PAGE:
Our culture appears to be obsessed with change. Change is offered as the cure for nearly every ill. Don’t like your life? Don’t like your condition? Don’t like yourself? Or are you simply bored? Change! Change your hair, change your job, change your spouse, change your gender [!] — change something!
Sadly, that which is new becomes old, and for the man or woman addicted to change, the future holds nothing but a series of momentary delights followed by frustration.
Perhaps nowhere is change so emphasized as in the field of communication. People have a short and shallow attention span, we are told, and therefore our message must be fast, bright, loud — and ever changing.
Adherents of this philosophy would find Paul’s advice to Timothy to be naïve, if not downright misleading.
2 Timothy 2:2
And the things that thou hast heard of me among many witnesses, the same commit thou to faithful men, who shall be able to teach others also.
Perhaps if Timothy lived today, he would be advised to come up with an original message, to express him self in a new way — but certainly not just to repeat the same old message.
That “same old message” that Timothy had received, however, was truth. Truth does not change. If I endeavor to “improve upon” that which is already pure truth, I’m left with, at best, partial truth. And if a message is only true in part, what is the other part?
Truth was never imparted to satisfy the critics; it was imparted to make men and women free. It was never intended to be particularly fascinating, but for those who receive it with believing, the truth of God’s Word is a never-ending source of joy and thanksgiving.
Additionally, these same basic truths can never be exhausted or over-taught because truth has to survive in a sinful world. We speak truth in a realm ruled by Satan. We endeavor to retain truth in a world in which truth is ceaselessly assailed by the evidence of the senses. Even the best of us can forget.
The believers in Thessalonica are a case in point. In many ways they were the “model church,” recognizing and standing faithfully upon all of the essential truths of Christianity. And yet they too could forget.
2 Thessalonians 2:1, 2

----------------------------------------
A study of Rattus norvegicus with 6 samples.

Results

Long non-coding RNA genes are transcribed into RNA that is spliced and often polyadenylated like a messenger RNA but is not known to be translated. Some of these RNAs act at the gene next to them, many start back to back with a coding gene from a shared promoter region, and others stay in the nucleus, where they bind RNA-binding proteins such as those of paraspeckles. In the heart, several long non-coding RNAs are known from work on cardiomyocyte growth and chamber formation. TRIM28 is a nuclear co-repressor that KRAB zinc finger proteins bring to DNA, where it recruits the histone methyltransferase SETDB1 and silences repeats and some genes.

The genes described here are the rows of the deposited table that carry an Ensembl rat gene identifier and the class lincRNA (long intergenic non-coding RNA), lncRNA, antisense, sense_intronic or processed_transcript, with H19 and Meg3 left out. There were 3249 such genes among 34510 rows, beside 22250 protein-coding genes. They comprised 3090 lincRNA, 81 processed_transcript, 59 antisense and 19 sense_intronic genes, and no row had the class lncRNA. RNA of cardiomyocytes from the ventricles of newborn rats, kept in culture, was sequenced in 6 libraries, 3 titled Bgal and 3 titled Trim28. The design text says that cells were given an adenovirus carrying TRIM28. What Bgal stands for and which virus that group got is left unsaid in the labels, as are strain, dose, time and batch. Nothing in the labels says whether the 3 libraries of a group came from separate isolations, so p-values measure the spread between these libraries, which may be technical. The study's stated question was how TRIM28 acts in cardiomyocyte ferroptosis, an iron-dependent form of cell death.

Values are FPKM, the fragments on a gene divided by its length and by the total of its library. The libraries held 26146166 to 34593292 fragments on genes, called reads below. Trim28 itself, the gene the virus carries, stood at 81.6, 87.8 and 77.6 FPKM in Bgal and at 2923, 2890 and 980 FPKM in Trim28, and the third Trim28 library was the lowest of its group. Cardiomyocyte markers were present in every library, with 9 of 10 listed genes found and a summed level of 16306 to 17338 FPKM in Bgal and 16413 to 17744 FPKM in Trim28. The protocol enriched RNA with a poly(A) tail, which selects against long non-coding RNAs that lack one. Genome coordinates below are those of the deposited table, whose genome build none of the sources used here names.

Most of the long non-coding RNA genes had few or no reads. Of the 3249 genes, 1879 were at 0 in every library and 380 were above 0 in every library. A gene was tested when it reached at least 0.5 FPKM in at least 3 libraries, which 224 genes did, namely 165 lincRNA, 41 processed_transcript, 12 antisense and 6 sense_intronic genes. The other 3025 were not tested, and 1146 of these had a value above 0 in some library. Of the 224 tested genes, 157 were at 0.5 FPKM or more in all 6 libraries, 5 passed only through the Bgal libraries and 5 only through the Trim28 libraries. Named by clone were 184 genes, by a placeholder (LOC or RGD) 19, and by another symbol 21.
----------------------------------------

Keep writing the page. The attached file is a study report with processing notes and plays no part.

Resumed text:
Now we beseech you, brethren, by the coming of our Lord Jesus Christ, and by our gathering together unto him,
That ye be not soon shaken in mind, or be troubled, neither by spirit, nor by word, nor by letter as from us, as that the day of Christ [the text reads “day of the Lord”] is at hand.
Apparently, someone was telling the Thessalonians that the day of the Lord, the time of judgment, was beginning. Clearly, at least some of them believed this, for they were troubled by it. (The thought that we, as Christians, would have to go through the judgment after all would be troubling indeed!) They had forgotten that this day could not occur until after the time of the gathering together.
What makes this exhortation especially noteworthy is the fact that according to scholars, 2 Thessalonians was written only one to two years after the writing of 1 Thessalonians. What did Paul have to say only a year or two earlier?
1 Thessalonians 5:1, 2, 4
But of the times and the seasons, brethren, ye have no need that I write unto you.
For yourselves know perfectly that the day of the Lord so cometh as a thief in the night.
But ye, brethren, are not in darkness, that that day should overtake you as a thief.
At the time of the first epistle, they were not just vaguely familiar with the truths regarding the day of the Lord — they knew them perfectly! They knew them to the extent that Paul saw no need to write further on the matter.
Yet as little as a year later, these same instructed believers were in fear regarding the day of the Lord. And they were a model church!
Perhaps the conclusion is that all of us need to hear and re-hear these essential truths regarding the redemptive sacrifice of Jesus Christ, the authority of the believer due to his resurrection and ascension, and the hope we share of his return for us — before the time of judgment — after which we will forever be with the Lord.
Finally, my brethren, rejoice in the Lord. To write the same things to you, to me indeed is not grievous, but for you it is safe.
Truth does not need to be updated, nor do we need to apologize for it. A faithful teacher never tires of teaching the essential truths regarding Christ, for they are the only sure foundation upon which to build a life, a family, or a ministry.